December 30, 2019
Beyond expensive and potentially tragic injuries, unsafe workplaces lead to high employee churn. When businesses consciously communicate about safety with their workforce, employees understand that they are valuable. Therefore, improving workplace safety both reduces turnover and increases retention into the future.
Blue-collar workers in the United States actively expect injury.
A national survey by The Hartford Financial Services Group found that 58% of blue-collar households have “a family member who has been injured on the job, requiring medical attention.” As a result, the average blue-collar worker expects to be injured on the job at least once, even while office workers believe that they can expect only a slight chance of injury.
A study conducted by Antea Group, a consulting firm, discovered that only 55% of blue-collar employees are willing to discuss a lack of safe practices in their workplaces with co-workers and superiors. Of course, businesses cannot address employees’ thoughts about safety if employees feel uncomfortable with expressing their concerns.
At the same time, many blue-collar workers do not exhibit knowledge of their own workers’ compensation benefits. The Hartford survey found that only 62% of respondents knew that on-the-job injuries would be covered by workers’ compensation. Other workers erroneously believed that the employer’s medical insurance, their own disability insurance, or their own personal savings would pay medical expenses from work-related injuries. Similarly, most workers did not know that they would still receive a high percentage of their salary in the case of an injury-related leave of absence.
Evidently, the American blue-collar workplace has a problem. High rates of injury cause employees to anticipate injuries in the future. At the same time, workers are uncomfortable with discussing safety concerns, and they lack information about the benefits available to them in the case of injury.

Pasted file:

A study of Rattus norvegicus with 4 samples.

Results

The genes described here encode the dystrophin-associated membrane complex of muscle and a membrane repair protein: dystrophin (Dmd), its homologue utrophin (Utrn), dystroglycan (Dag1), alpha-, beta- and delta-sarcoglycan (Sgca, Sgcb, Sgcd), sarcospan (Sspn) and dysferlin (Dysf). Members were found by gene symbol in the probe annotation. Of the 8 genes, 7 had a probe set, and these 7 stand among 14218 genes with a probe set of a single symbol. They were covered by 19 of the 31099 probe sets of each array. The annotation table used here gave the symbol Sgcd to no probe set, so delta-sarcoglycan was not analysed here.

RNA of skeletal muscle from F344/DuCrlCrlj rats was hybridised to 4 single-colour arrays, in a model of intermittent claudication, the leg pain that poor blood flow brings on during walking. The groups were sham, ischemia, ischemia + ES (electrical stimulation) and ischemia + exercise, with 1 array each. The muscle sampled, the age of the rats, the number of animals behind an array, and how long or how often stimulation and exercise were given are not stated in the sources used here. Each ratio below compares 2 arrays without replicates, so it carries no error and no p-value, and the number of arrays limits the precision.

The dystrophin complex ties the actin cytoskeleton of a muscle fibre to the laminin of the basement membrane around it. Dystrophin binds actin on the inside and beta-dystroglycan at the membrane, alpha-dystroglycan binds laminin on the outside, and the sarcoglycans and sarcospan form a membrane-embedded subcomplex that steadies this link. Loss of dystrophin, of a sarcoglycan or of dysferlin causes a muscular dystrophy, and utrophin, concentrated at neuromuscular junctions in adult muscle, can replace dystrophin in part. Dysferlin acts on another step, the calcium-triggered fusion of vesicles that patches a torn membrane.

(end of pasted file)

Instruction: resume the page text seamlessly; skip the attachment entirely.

Therefore, many frontline workers expect injury in the workplace with little compensation. Yet, they feel that they must keep safety concerns private. Over time, this mindset wears down employee morale, leading to lower satisfaction and higher turnover.
Better communication with employees could resolve the problems caused by workers’ poor perceptions of workplace safety.
Firms ought to clearly communicate the range of workers’ compensation benefits available to injured workers. When safety improvements enter into effect, firms should ensure that employees know. There is a pervasive problem of a pessimistic viewpoint toward employee safety; the solution is correcting this pessimism by correcting employees’ misunderstandings.
For workplaces seeking to improve safety conditions in 2020, the Occupational Safety and Health Administration lists some useful statistics, including the most frequently violated federal standards for workplace safety. Liberty Mutual Insurance likewise compiled a list of 2019’s top ten disabling injuries in the workplace.
Most of all, companies ought to simply ask their workers about their safety concerns in an anonymous fashion. Because employees express discomfort with approaching management, management can bridge the communication gap by approaching employees first.
Learn how Qlicket creates anonymous employee surveys for frontline workplaces, equipping businesses to make decisions that improve employee satisfaction and retention.